True, consumers have a powerful voice, but brands can certainly overpower negative and confusing tweets by considering how a consumer typically reaches out to a company on Twitter. Consumers only know how to interact with brands (not the people behind the brands) on Twitter in one way. By offering tweets of praise and complaints, they let the brand rep know the company either is or isn’t doing their job.
Subjectivity is not a good barometer when it comes to brand message development, because a lot of it might be considered blown smoke. (People still reply to @comcastcares with faulty messages about a broken down TV, internet connection, etc. just to see if they’ll actually respond). Knowing the potential for discrepancies, how do brands control the messages on Twitter?
- It’s all in the profile While I agree with a short bio about the tweeting brand rep, I don’t think it’s wise to blur the lines of professional position vs. personal interests by offering up things like “I love Cheetos” in the Twitter bio. In order to ensure brand messaging consistency, companies need to insert a shorter version of their values, mission, and passion. If too personal, consumers might think a company rep’s love for Cheetos is because he/she works for them. Here's a brief bio example I speak of:
- Addressing the issue publicly Honestly, what is the point of DMs (besides avoiding spam e-mail) if, by nature, all social networks and blogging platforms are meant to be transparent? Brands can stop a naysayer quicker by @-ing them. A DM message is not searchable, so when consumers are looking for answers via Twitter search, they won’t find a company’s reply to a very strongly worded consumer comment. And if you want to avoid spam e-mail, you can certainly DM them that info if further discussion is necessary.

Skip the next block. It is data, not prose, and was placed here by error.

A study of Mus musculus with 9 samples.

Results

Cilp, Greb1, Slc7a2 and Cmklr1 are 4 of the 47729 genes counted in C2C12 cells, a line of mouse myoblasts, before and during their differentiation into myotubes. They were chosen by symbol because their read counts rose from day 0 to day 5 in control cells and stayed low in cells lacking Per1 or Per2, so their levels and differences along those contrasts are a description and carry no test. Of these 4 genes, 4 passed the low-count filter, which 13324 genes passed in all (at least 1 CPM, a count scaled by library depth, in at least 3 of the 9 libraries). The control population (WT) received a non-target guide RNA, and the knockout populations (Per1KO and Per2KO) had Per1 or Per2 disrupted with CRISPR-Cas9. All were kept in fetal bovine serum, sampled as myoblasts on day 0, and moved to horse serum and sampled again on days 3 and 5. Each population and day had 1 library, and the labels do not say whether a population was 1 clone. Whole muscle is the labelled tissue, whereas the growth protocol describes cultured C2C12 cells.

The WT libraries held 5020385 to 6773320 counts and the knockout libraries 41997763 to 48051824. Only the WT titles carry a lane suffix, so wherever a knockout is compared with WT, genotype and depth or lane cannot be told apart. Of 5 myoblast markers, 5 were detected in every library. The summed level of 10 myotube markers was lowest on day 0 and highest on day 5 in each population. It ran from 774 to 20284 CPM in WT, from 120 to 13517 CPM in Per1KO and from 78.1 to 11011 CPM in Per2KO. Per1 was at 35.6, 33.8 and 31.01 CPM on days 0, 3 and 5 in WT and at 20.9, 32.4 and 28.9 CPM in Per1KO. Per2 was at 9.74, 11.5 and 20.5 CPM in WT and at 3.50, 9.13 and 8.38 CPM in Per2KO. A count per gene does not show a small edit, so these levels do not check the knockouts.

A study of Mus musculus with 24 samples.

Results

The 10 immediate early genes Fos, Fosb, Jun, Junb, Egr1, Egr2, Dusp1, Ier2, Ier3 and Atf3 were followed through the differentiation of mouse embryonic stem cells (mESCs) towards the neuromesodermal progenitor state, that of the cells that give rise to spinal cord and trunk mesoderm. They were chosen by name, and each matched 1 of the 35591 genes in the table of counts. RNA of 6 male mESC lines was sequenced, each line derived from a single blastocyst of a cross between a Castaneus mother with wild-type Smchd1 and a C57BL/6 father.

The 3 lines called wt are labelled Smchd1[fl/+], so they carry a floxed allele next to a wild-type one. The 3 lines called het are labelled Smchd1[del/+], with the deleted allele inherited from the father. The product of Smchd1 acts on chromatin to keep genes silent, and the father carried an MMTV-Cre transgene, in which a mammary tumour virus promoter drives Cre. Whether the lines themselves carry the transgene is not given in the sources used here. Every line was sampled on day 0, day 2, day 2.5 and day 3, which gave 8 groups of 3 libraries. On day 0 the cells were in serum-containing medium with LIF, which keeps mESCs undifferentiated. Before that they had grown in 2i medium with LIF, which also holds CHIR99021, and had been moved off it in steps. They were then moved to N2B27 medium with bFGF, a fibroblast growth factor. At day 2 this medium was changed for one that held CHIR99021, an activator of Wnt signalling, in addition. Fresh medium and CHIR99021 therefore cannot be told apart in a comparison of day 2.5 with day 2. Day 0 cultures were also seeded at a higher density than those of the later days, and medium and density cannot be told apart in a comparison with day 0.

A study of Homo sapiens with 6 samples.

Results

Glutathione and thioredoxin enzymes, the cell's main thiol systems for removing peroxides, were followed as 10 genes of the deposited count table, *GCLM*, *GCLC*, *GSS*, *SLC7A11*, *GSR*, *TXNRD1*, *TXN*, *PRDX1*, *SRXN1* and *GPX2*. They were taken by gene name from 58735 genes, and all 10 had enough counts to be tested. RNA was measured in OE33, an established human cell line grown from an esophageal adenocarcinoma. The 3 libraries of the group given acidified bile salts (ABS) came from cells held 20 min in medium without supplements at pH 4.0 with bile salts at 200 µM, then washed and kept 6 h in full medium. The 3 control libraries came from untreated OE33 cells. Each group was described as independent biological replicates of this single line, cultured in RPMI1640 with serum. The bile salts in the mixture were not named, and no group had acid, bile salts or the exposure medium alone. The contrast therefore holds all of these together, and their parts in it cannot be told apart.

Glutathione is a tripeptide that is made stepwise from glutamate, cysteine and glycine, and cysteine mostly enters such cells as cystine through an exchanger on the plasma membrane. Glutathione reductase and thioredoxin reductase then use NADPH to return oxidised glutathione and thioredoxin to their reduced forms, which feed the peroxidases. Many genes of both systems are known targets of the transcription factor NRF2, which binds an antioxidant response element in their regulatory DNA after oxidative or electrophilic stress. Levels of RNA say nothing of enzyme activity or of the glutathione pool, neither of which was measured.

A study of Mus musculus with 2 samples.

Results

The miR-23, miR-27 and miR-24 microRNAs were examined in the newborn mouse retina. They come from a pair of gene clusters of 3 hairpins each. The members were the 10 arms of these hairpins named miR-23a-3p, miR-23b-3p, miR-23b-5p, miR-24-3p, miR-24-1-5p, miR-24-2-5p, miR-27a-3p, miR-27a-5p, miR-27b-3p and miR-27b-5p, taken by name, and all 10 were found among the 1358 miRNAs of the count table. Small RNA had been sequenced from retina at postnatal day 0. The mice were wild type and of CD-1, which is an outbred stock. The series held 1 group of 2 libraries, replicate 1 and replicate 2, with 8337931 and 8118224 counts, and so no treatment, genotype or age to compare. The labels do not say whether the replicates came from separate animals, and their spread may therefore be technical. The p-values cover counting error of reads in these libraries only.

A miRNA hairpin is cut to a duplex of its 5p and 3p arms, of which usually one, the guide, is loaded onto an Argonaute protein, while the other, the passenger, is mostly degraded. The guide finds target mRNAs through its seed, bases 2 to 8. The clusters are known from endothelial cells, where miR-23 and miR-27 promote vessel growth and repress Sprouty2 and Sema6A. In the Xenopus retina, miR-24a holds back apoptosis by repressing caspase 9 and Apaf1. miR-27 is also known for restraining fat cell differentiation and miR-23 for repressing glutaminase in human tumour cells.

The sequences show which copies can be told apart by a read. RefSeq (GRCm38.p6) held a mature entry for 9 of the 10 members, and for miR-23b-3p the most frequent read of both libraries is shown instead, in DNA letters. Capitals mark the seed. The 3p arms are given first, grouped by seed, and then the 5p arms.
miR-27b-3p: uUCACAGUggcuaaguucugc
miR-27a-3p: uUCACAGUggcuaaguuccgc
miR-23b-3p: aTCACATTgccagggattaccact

- A ground for resource links Twitter is not the only way to communicating a promotion or contest, though companies love to do it all the time. But say a customer was to reply and ask what the promotion was and 140 characters didn’t allow for a good explanation. Hopefully, other communications would come into play, so Twitter could serve as a resource link to additional info on Web sites and blogs. Some companies have avoided this issue altogether by making their Twitter profile more concrete and theme-driven. Here's an example:
- Two Twitter accounts? If you’re a brand rep on Twitter and you really want to interact on a more personal level, a way that taps into your interests, you should consider creating both a personal Twitter account, and a professional one dedicated to brand values, mission, and passion. While I understand a professional Twitter account heightens the possibility of spam, it’s better than having mixed messages about the brand. If you’re McDonalds, you tweet about special menu deals, new products and service, and countries you love to visit. If you work for McDonalds, you tweet beyond your company and talk about your love for snacking on Cheetos, alternative music, and the hit television series “Lost.”
What are your thoughts on branding consistency via tweets?